All those Mountain Dews, Red Bulls and ‘insert drink name here’ are taking a toll on the nation’s youth. With the prevalent consumption of caffeinated drinks, there has been surprisingly little research on the effects it has on young people. Researchers from the University of Buffalo are looking to fill that research gap with the release of a new study.
Generically, scientists and medical professionals know that caffeine increases blood pressure and decreases heart rate across the age spectrum. In the study, published in Pediatrics, researchers wanted to see what kind of role puberty played in the caffeine response. Particularly after puberty.
The results are that the caffeine response differs from boys to girls. Boys, aged 12-17 reported feeling a greater ‘rush’ and more energy than girls of the same age. See mom, it was biology that was making me a handful. Boys also reported greater athletic improvement with caffeine. Well, that one skipped me.
Researchers also found that as the caffeine levels increased – looking at you red bull – diastolic blood pressure increased and heart rates decreased in boys but not girls.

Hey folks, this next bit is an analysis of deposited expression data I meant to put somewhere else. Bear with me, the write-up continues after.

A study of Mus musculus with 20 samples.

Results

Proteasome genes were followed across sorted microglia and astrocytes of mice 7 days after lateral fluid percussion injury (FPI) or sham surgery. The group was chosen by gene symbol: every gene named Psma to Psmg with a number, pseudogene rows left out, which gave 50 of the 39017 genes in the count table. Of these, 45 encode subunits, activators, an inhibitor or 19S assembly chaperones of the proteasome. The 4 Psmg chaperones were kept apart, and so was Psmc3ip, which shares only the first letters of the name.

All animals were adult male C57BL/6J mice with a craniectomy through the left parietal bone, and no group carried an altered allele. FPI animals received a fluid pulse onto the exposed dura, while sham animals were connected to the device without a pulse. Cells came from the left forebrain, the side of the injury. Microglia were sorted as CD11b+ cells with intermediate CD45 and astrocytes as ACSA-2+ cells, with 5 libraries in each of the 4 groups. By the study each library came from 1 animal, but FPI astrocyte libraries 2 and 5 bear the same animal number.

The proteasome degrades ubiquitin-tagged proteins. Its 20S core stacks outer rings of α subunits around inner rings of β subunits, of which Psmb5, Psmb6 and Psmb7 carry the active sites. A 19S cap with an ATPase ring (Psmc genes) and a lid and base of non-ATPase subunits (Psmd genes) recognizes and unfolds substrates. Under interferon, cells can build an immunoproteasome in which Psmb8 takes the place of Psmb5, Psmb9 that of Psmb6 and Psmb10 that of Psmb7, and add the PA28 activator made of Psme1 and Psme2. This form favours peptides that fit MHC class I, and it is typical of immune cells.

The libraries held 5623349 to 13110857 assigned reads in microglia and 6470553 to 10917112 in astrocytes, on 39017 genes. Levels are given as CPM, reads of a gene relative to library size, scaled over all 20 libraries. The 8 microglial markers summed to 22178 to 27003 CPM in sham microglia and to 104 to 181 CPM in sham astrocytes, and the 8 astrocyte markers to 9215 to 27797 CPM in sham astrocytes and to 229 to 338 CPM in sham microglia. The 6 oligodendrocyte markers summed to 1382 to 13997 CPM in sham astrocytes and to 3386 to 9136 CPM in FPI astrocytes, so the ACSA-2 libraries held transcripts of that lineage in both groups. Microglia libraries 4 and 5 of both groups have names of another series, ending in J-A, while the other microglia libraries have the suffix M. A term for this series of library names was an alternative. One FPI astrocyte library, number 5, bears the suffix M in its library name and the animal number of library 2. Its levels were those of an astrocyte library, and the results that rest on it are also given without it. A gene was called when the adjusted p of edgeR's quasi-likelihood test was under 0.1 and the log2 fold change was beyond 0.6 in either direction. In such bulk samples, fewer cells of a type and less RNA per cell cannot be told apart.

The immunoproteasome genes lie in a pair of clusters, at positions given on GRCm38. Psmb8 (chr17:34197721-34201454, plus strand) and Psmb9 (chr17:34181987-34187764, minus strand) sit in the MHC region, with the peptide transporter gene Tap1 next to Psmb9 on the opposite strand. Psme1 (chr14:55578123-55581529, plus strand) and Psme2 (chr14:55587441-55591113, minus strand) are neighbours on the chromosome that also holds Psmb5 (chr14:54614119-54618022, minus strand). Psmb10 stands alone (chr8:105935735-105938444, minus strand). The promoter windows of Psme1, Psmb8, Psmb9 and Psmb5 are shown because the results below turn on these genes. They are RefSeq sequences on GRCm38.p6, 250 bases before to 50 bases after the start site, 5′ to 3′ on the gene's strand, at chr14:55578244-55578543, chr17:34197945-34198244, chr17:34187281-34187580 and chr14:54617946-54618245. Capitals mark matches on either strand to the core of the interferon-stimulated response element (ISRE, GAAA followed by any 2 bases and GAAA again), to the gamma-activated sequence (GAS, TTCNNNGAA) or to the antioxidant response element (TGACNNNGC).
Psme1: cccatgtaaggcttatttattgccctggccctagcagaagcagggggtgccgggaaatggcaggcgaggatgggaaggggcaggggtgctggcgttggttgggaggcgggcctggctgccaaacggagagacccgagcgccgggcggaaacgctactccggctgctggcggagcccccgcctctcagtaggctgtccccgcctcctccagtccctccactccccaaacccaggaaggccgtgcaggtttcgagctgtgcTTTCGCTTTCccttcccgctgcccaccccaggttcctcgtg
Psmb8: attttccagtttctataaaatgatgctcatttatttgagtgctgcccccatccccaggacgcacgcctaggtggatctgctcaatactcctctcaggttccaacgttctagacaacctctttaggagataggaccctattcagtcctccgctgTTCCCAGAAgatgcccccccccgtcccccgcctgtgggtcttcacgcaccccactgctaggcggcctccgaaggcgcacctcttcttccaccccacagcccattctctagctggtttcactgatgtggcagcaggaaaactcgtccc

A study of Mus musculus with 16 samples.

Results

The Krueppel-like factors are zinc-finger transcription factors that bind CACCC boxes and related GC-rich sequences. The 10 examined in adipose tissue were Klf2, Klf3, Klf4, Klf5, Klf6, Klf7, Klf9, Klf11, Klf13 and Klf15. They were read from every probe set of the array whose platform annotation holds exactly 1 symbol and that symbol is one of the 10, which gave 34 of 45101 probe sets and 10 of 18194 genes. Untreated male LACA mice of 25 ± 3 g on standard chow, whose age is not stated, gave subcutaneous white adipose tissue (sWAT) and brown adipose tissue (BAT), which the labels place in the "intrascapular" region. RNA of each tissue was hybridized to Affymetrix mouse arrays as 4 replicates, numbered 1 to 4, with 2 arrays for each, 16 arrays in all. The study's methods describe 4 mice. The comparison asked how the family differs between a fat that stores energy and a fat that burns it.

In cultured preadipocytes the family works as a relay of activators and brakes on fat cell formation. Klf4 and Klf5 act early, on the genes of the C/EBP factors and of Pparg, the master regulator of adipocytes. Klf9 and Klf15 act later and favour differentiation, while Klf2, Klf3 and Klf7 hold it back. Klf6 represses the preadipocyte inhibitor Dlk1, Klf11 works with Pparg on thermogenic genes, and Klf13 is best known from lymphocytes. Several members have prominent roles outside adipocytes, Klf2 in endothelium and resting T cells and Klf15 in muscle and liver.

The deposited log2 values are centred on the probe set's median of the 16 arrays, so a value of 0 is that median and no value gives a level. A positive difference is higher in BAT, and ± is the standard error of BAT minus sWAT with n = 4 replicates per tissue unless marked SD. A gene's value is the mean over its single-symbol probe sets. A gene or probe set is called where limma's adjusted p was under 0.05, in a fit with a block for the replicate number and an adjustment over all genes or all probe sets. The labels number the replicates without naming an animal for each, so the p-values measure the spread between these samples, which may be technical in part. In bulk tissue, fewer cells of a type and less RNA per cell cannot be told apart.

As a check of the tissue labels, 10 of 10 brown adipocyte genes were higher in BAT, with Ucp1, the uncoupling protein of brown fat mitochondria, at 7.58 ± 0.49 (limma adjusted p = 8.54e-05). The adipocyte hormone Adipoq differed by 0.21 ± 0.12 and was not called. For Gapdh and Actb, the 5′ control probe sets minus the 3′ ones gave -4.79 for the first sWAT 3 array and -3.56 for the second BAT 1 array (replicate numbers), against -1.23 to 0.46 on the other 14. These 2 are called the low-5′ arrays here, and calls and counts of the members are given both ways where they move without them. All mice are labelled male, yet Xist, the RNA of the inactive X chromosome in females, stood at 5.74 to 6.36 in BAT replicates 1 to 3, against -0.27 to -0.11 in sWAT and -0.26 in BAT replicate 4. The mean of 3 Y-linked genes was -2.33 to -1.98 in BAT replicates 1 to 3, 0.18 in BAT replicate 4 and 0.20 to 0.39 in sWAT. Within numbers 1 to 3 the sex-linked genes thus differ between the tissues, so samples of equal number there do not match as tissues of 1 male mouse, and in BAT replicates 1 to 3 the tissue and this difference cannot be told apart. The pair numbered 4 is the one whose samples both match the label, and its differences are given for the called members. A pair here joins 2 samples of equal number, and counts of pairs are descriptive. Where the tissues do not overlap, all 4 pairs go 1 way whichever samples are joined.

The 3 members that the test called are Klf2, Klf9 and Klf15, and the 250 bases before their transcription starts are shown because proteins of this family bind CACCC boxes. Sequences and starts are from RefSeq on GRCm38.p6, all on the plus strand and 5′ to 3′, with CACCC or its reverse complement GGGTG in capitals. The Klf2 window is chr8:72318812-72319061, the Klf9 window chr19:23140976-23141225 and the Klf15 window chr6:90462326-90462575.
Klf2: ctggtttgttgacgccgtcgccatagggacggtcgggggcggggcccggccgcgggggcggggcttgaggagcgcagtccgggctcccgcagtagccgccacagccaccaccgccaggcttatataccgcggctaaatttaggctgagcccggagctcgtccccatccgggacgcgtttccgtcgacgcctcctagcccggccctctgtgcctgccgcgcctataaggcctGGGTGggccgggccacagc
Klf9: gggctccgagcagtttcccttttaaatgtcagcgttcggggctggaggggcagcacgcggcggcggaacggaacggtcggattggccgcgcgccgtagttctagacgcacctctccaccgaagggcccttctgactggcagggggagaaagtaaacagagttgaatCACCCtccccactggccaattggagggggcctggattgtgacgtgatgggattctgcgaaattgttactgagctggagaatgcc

The study followed a double-blind, placebo-controlled study. It followed 54 boys and 47 girls ages 15-17, and 52 prepubertal children ages 8-9. While the research shows the difference in response, the data was inconclusive as to why. The team is wanting to research further into if it is a physiological factor, or a psychosocial factor.
Psychosocial factors include access to caffeinated drinks, caffeine use by peers and patterns in consumption. Others areas worth exploring are the diversity of sources caffeine is coming to kids. Those Starbucks babies and Monster Energy drinks kids are downing serious levels of caffeine. When they have an all-night bender of Xbox and Red Bull, it’s safe to say the effects are profound.